Think Tank (1/2023)
(L-R) Professor Nick Bisley, Dr Li Mingjiang
21 Feb 2023
Kiera Chua

“Reglobalisation and the Dynamics of Asia’s Security Order” was the subject of an RSIS Seminar held at The KeyPoint, RSIS, on 21 February 2023. Professor Nick Bisley spoke at the seminar. He is the Dean of Humanities and Social Sciences and Professor of International Relations at La Trobe University, Australia, Fellow of the Australian Institute of International Affairs, and President of the Australasian Council of Deans of Arts, Social Sciences and Humanities. Associate Professor Li Mingjiang, Provost’s Chair in International Relations, and Coordinator of the PhD Programme at RSIS, chaired the seminar.

The long Asian Peace, which lasted for forty years from the early 1980s until the late 2010s, saw an open and liberal approach to the global economy.  The consensus on this approach has collapsed due to the return of economic nationalism and Sino-American rivalry, resulting in a period of reconfiguration. Prof Bisley discussed three potential models of how globalisation may be reconstituted and their security concerns: deglobalisation, slowbalisation, and reglobalisation.

Firstly, deglobalisation would see an extreme breakdown of international economic integration. This would see the reappearance of Cold War–era trading blocs and the augmentation of tensions along existing fault lines. Prof Bisley opined that the prospects of large-scale conflict would be unlikely, but this scenario would completely rewrite the old philosophy of a stable security order.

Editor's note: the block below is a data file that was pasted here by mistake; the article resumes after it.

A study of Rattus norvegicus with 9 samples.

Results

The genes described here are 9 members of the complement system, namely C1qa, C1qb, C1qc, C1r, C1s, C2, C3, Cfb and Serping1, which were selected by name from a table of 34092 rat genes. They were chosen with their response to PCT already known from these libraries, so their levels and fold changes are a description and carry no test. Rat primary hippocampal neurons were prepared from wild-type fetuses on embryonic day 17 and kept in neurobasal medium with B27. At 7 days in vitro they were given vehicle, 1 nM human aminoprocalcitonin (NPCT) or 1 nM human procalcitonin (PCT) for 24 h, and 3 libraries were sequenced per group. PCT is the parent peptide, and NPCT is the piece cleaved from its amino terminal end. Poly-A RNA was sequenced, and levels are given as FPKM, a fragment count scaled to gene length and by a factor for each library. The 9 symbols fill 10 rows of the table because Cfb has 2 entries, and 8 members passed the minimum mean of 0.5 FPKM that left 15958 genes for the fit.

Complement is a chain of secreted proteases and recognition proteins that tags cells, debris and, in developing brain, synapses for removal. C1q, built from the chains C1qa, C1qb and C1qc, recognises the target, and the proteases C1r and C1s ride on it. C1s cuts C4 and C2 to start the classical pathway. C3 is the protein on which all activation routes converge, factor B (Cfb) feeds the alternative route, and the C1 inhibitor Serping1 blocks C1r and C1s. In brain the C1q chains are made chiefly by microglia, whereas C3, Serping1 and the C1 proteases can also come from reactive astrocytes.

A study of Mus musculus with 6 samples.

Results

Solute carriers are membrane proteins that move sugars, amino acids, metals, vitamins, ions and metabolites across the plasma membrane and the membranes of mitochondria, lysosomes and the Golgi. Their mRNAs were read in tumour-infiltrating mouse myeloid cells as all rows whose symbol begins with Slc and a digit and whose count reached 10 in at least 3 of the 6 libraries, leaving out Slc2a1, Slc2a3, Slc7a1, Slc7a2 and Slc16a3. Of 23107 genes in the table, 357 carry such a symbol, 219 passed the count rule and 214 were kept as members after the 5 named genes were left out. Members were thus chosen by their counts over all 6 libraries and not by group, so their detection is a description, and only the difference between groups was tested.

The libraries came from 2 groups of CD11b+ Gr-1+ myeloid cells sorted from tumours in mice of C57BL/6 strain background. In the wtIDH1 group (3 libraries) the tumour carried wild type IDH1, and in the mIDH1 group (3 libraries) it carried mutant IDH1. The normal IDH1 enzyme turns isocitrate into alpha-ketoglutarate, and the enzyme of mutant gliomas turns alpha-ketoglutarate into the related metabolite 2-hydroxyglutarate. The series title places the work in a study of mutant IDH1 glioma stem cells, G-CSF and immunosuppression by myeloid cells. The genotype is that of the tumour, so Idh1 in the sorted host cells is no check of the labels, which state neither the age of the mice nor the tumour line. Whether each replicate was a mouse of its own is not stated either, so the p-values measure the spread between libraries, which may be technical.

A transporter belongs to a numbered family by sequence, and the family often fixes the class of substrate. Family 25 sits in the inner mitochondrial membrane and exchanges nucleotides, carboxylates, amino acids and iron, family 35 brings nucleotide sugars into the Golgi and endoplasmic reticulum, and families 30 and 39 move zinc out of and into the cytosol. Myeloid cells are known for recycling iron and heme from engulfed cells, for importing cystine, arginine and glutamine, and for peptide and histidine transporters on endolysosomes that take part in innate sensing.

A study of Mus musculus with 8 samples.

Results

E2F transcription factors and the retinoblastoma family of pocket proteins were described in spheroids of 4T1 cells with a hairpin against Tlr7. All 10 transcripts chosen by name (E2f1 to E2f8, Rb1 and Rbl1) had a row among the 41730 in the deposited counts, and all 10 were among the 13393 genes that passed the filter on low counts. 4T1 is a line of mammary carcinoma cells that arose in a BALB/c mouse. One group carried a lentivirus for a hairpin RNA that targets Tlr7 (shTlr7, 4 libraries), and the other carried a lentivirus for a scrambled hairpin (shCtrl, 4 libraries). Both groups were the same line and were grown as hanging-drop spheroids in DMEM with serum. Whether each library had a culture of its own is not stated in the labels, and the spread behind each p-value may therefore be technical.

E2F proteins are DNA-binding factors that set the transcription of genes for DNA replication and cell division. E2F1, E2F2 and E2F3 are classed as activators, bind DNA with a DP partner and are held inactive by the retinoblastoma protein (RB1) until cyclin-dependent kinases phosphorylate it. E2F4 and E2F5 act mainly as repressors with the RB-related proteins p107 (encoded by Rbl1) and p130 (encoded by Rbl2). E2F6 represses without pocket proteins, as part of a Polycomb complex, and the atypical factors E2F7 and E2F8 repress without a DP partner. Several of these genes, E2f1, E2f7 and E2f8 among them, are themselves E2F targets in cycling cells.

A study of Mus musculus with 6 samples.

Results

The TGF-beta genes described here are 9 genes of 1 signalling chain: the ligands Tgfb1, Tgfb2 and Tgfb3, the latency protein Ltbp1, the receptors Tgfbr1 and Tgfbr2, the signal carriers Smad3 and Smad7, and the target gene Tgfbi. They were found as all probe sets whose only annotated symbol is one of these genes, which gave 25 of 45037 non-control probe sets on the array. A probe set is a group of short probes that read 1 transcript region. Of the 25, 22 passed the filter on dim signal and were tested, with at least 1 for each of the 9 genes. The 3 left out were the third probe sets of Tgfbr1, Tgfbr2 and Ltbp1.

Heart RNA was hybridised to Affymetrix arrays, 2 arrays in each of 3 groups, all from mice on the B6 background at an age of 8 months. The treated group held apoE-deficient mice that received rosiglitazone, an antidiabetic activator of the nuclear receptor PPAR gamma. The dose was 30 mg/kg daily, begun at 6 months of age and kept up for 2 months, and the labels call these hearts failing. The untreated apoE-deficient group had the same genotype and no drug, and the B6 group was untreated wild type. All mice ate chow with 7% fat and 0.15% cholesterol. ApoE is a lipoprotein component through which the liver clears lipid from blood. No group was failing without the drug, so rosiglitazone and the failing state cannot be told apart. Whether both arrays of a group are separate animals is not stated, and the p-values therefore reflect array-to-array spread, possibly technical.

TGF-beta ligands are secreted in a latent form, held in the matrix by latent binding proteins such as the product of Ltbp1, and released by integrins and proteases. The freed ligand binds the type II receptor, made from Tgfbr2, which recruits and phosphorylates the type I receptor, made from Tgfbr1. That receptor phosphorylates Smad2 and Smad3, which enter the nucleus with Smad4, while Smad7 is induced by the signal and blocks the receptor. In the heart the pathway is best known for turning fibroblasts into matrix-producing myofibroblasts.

Secondly, slowbalisation, a term that Prof Bisley attributed to The Economist, would see a return to the principles of economic globalisation but with an increased need to factor in political considerations, leading to inertia. This model would be characterised by a renationalisation of certain industries. Prof Bisley envisioned that slowbalisation would result in increased tension around existing flashpoints and the creation of new ones.

Finally, reglobalisation would see a significant reconfiguration of existing trade patterns and models based on political, rather than economic, logic. Prof Bisley expected to see a cycle of competition where politics would continuously shape economic decisions and vice versa, resulting in slower growth. US partners will be under pressure to be more active in regional security, locking them more tightly into the American system.

In his conclusion, Prof Bisley warned that the way we proceed with economic reconfiguration will determine the future security landscape. He said that it was crucial to rethink how international economic liberalism could be embedded into domestic social contracts, including changes to incentive structures in the economic system.